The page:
The coronavirus pandemic has seen the shuttering of brick-and-mortar casinos worldwide, including right here in America.
But while Vegas casinos are closing back down for another year to address an alleged “second wave” and are seeing class action lawsuits from workers who claimed the sites all opened back up prematurely, Atlantic City is moving full speed ahead with its own reopening plans.
Today is the first day in over three months that AC’s casinos will be operational at their physical locations.
While these venues have been able to take advantage of NJ’s online gambling laws to provide customers with app experiences while sheltering at home, the city and state have determined that it’s time to get the economy going again.
On Thursday – just a day before the Fourth of July weekend – five of Atlantic City’s nine casinos are opening their doors to the public. These include the following:
- Hard Rock Hotel & Casino Atlantic City
- Ocean Casino Resort
- Resorts Casino Hotel
- Tropicana Atlantic City
- Golden Nugget Atlantic City
On Friday morning, three more AC casinos will open for business:
- Caesars Atlantic City
- Bally’s Atlantic City
- Harrah’s Resort Atlantic City
Only the Borgata Hotel Casino & Spa will keep its doors closed for the foreseeable future.
Borgata is owned and operated by MGM Resorts International, and the company seems to be taking a more conservative approach. For many, the Borgata is the premier AC casino destination, which may be a blow for some patrons eager to get back into the swing of things.
Interestingly, the decision to delay the reopening of the Borgata has nothing to do with the risks of COVID-19 on the gaming floors themselves. After all, every AC casino that is reopening is instituting strict social distancing protocols, mask mandates, and bans on smoking, eating, and drinking at the venues.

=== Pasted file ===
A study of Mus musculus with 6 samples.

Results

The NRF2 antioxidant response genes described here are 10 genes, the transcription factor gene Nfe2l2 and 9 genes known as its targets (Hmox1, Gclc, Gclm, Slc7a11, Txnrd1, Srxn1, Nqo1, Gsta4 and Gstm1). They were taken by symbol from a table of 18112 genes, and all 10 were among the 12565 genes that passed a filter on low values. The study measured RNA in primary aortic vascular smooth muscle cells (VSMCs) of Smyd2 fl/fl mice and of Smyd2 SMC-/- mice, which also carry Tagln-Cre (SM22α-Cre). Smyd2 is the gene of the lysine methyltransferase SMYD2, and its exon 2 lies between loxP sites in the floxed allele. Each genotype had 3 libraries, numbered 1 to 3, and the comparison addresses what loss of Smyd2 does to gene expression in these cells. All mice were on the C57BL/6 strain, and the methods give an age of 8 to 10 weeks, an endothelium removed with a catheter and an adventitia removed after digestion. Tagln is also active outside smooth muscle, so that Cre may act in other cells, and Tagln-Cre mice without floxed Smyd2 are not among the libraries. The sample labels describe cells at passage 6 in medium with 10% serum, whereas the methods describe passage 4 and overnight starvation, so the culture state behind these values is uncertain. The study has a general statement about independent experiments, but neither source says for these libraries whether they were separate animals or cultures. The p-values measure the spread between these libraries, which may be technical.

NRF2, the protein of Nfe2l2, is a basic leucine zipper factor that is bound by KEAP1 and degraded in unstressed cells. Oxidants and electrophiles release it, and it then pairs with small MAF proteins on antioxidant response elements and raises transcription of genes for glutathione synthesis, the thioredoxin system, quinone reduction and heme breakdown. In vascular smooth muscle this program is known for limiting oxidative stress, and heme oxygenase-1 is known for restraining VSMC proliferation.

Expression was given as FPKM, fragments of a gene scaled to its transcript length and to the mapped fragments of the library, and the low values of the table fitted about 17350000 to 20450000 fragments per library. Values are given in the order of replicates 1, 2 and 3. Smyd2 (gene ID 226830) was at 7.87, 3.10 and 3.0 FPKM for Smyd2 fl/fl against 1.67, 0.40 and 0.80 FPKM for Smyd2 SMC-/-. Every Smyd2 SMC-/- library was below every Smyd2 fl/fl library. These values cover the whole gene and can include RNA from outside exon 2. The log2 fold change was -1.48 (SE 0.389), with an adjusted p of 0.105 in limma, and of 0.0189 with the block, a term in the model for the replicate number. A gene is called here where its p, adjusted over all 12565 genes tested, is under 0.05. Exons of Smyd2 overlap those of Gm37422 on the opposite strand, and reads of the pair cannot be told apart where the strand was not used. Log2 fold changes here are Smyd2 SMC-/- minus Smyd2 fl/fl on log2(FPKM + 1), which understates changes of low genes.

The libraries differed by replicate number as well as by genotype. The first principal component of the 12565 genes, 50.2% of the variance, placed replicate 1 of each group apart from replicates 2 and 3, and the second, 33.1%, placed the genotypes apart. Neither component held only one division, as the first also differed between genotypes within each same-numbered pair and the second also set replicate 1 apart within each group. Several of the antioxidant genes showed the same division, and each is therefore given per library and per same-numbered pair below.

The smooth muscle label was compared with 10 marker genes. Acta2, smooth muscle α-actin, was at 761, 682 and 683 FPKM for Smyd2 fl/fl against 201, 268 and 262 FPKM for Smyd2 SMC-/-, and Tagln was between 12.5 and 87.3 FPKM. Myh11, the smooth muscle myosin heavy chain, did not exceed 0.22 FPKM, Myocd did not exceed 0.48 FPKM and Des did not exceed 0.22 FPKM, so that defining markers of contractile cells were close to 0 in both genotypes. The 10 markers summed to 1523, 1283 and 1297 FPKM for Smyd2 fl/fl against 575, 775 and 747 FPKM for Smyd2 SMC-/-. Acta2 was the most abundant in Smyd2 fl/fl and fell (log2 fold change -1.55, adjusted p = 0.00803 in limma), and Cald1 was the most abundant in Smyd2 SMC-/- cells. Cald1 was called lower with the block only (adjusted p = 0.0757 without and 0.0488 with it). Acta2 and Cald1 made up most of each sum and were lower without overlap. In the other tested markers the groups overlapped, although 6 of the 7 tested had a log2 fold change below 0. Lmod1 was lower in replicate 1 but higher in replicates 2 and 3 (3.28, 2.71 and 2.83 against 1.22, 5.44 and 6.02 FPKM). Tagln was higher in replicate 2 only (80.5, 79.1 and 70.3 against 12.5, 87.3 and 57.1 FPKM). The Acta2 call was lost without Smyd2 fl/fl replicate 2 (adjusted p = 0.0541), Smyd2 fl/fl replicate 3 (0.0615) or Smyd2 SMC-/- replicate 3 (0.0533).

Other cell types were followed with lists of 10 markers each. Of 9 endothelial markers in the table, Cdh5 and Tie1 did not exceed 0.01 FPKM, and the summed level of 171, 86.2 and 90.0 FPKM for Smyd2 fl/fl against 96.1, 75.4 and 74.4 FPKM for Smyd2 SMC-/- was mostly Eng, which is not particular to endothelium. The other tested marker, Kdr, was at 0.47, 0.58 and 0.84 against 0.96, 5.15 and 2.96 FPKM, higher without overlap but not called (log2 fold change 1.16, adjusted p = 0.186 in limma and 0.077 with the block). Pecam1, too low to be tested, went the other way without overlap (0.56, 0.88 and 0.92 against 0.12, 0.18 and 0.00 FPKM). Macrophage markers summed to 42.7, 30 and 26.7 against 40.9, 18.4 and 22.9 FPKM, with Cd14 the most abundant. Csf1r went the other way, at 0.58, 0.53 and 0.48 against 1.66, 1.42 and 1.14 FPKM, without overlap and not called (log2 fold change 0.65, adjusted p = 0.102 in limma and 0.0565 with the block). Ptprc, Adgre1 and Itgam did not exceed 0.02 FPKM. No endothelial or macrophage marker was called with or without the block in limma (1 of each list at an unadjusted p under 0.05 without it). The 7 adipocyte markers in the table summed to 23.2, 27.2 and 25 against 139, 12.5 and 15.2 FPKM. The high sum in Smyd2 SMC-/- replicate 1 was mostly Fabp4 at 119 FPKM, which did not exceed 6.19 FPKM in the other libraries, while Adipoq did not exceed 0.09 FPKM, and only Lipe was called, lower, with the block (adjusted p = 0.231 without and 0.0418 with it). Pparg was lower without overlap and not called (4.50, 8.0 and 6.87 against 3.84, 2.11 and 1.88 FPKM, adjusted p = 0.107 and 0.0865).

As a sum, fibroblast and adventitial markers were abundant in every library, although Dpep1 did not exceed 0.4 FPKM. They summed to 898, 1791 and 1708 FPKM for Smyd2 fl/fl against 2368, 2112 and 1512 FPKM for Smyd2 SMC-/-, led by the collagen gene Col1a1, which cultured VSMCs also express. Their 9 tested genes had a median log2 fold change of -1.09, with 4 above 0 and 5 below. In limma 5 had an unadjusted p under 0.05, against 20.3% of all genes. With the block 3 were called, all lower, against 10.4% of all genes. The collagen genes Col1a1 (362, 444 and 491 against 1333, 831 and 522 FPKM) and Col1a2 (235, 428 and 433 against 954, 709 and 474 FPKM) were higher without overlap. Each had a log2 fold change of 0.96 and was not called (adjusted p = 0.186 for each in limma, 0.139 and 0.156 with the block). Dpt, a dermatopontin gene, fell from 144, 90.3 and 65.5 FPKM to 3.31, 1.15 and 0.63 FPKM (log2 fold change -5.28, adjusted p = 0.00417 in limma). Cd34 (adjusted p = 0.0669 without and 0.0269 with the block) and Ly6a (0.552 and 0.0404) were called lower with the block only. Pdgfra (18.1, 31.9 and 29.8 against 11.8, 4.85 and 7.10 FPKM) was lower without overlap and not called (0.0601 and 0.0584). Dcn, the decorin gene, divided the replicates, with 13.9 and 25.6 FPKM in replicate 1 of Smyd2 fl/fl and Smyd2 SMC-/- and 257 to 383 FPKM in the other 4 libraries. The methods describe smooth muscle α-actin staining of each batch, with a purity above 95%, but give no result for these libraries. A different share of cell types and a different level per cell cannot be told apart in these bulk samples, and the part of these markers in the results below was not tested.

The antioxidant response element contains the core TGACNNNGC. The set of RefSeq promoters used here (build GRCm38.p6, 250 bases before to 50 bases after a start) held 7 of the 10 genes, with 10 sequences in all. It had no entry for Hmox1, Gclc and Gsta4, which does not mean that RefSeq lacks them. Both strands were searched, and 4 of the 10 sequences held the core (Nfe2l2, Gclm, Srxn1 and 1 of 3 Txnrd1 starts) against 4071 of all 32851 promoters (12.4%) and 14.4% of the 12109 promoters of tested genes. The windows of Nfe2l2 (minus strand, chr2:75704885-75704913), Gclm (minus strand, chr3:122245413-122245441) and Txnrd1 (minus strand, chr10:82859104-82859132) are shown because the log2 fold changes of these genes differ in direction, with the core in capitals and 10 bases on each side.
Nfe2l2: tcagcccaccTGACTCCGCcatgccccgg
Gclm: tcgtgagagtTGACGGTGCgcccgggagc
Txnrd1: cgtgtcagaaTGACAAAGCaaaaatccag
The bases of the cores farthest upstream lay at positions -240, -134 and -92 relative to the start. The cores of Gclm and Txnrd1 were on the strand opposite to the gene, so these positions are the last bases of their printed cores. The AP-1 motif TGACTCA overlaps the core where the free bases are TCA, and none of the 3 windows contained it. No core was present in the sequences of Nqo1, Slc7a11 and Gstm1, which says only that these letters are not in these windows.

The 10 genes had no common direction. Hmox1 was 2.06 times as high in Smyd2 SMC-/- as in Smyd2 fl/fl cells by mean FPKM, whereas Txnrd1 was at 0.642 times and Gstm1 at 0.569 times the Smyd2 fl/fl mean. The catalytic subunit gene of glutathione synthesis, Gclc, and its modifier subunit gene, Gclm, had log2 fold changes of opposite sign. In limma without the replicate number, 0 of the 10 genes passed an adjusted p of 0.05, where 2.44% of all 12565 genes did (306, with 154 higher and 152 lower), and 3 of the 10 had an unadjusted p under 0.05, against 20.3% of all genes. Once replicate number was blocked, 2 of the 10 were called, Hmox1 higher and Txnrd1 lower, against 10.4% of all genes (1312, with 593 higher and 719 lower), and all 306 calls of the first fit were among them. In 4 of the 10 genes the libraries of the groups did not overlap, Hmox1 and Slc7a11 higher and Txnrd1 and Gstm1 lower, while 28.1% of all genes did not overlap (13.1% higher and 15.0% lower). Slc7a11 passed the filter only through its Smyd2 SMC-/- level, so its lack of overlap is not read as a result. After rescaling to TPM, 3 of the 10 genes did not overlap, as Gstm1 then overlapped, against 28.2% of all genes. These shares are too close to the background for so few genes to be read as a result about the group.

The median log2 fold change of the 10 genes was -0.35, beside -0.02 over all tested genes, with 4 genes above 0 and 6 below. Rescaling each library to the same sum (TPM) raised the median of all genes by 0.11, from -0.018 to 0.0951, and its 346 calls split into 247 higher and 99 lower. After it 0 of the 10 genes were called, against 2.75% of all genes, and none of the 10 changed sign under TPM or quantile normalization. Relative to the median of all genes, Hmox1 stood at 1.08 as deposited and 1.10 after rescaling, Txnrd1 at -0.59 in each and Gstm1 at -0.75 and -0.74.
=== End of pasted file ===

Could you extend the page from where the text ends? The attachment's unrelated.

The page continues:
These last two limitations were actually the deal-breakers for the Borgata, which is renowned for its world-class restaurants and bars.
Per a press release from MGM on why the venue is bowing out of the current reopening plan:
“We respect the Governor’s decision to postpone the reopening of indoor dining in New Jersey to protect the public. Given this decision, our property…will remain closed. Our guests expect a special experience when they come to our property and if we cannot provide that level of hospitality, we feel it best that we remain closed until such time that the Governor lets us know it is safe to offer food and beverage. … We look forward to a time when it is safe to welcome everyone back.”
When that time will be is anyone’s guess.
Still, it’s hard to fault MGM here. A casino without food and drink service isn’t going to offer a compelling experience for most bettors, especially in a state that allows full online casino gambling.
Indeed, no visitors to the state – despite there being limited travel already due to the coronavirus scare – are going to risk making the trip just to sit in a building to play the same games they can play online when they won’t be able to take advantage of any of the added amenities (i.e. comped drinks, restaurant vouchers, etc.) that brick-and-mortar facilities typically offer.
And because out-of-state guests have the option to stay home and gamble online at offshore legitimate casinos, the impetus for the Borgata to open is even less significant that it would otherwise be in these trying times.
Indeed, given the state of things in the current social and political landscape, it’s probably best to stay home even if your favorite AC casino has reopened. You can already play domestic casino games online if you live in New Jersey, and nearby visitors can play at the aforementioned offshore sites.
When you gamble online, you won’t risk catching COVID-19, you won’t risk running into a traffic-suffocating protest or destructive riot, and you won’t risk being diminished for celebrating your country’s most important holiday.